Thanks for the info about the De Anza. I'd been wondering what was up and am happy that Rob Dickson is at least still talking about it like it's going to happen.

So the League of Women Voters election guide constitutes "electioneering"? Boy, that's really's a sad commentary on our democracy if simple information - the text of the amendments and bond issues being voted on, etc. - is seen as somehow a threat.

Comment by Granjero on November 1, 2012 at 11:02am

"Our attorneys took a look and the point was made that within the guide you have the candidates advocating their positions on the issues, and so for that reason it could be considered electioneering."


If they just made a list of positions instead of inserting statement of positions then this wouldn't be an issue.

Comment by Hunter on November 1, 2012 at 11:08am

If the State would publish a voter's guide then the League wouldn't have to.  But maybe that's the point, keep the voters uninformed.  The League guide is available online.

Comment by hettie on November 1, 2012 at 2:09pm

What's the difference between listing a candidate's positions and publishing the candidate's positions in his or her own words. Seriously. If all the candidates have a statement published in the guide, then I don't understand how it's a problem.

Comment by Granjero on November 1, 2012 at 4:53pm

One is a speech and one is just facts.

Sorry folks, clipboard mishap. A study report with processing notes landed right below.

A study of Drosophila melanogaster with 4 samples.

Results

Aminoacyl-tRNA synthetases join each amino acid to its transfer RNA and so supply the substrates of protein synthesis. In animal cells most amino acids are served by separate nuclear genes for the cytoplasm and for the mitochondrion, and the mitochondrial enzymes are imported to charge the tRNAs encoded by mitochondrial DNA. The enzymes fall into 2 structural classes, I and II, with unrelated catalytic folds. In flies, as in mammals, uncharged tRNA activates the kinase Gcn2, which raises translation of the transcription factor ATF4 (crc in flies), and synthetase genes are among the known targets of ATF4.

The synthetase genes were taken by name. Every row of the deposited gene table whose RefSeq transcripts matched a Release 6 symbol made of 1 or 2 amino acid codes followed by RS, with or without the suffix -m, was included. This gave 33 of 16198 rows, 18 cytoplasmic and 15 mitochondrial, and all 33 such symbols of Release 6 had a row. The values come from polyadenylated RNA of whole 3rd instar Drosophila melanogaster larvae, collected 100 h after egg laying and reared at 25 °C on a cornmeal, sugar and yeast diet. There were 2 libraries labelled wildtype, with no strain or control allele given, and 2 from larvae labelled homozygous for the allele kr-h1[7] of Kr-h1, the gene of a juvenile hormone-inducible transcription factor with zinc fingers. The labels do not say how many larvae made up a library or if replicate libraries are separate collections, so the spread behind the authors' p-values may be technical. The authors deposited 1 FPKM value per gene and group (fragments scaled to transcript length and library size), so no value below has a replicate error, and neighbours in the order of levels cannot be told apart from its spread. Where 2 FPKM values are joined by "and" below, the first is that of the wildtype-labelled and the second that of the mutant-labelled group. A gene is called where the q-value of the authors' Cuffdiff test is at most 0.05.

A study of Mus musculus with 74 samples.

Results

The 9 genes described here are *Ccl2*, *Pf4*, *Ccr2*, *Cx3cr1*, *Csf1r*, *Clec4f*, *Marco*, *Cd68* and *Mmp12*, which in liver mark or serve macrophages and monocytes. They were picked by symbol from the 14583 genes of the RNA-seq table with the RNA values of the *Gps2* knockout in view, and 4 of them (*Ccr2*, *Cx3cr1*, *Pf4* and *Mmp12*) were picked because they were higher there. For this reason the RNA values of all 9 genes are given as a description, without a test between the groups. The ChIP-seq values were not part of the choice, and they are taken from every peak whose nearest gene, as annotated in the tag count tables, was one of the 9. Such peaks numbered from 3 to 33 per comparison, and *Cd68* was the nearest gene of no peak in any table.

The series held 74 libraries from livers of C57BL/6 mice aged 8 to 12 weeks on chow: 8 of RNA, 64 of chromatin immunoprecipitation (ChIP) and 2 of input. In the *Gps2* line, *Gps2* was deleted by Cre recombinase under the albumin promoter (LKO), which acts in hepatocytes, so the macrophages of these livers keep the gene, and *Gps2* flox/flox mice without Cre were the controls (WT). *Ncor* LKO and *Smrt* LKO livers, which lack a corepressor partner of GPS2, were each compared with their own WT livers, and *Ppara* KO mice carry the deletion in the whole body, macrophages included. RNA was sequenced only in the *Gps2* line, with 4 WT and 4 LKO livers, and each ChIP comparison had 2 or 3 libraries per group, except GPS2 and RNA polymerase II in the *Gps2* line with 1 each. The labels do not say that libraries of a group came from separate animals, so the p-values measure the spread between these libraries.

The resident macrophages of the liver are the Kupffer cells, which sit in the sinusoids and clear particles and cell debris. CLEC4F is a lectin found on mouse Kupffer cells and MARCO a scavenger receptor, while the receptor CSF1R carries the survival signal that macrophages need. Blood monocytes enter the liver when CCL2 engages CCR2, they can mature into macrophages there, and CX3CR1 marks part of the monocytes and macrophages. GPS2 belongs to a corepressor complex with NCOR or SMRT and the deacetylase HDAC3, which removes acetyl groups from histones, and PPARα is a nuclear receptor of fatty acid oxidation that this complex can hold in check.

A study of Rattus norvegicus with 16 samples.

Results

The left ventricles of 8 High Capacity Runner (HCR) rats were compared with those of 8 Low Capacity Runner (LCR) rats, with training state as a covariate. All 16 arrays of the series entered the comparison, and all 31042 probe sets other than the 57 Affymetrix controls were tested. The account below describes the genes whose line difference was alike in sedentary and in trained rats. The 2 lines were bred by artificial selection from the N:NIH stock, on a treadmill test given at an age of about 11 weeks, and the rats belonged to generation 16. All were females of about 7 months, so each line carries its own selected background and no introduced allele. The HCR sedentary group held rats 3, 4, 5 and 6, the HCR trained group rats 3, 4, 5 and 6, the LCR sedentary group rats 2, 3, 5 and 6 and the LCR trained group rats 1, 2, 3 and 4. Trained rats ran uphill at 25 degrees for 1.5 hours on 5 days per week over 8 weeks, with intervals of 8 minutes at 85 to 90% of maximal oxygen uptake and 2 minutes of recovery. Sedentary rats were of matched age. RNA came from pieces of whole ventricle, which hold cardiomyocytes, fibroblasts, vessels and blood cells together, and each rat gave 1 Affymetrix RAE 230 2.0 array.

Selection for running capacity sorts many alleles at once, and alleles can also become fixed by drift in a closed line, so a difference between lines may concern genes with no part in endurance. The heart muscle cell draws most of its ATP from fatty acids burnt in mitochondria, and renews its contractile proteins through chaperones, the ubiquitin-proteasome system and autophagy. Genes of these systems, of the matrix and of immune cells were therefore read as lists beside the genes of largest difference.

Comment by hettie on November 1, 2012 at 7:49pm

Not really. The opinions and positions of candidates aren't facts just because the candidates endorse them. And the vast majority of the issues that candidates have to weigh in on are more complex than a "yes" or "no" position list.

I'm interested to know whether someone asked the secretary of state's office to examine the legality of the guides or whether this was initiated by Duran herself. It's notable that these guides have been available at polling places with no issues for many election cycles.

Comment by Izquierdo on November 2, 2012 at 1:58pm
Approvals on activation of historic resources are never easy at any level, and for good reason. It's easy to let a property that doesn't meet rigid specs slip into the mix and hard to excise it. The creation of Petroglyphs, now a unit of the National Park Service, took years, even with Senator Pete Dominici's strong support. I'm pulling for De Anza, a true gem and good for Albuquerque.
Comment by Michelle Meaders on November 3, 2012 at 1:33am

Actually, the Sec. of State does publish a limited Voter Guide.  It says it's about the "Proposed Constitutional Amendments and General Obligation Bonds -- Content and Purpose."  But that's only a small part of what's on the ballot in each county.

I think it's interesting that the Sec. of State waited untill less than a week before the election to do this, with no warning.  The law she cited was passed in the 2011 Legislature.

Comment by Hunter on November 3, 2012 at 8:39am

@Michelle, that is good to know.  I guess I'm still used to the California model where the guide is actually mailed out to all registered voters and contains pro and con arguments and a fiscal impact analysis.  All we are hearing is how these bonds "won't raise your taxes" but that, of course, is a dishonest and misleading statement.  They won't raise your taxes only if they are sold in the same amount and at the same interest rate as the bonds that they are replacing.  Ask PERA and ERA about predicting economic conditions.  And anyone who just received their property tax bill knows taxes go up due to the "automatic" annual increase in the valuation.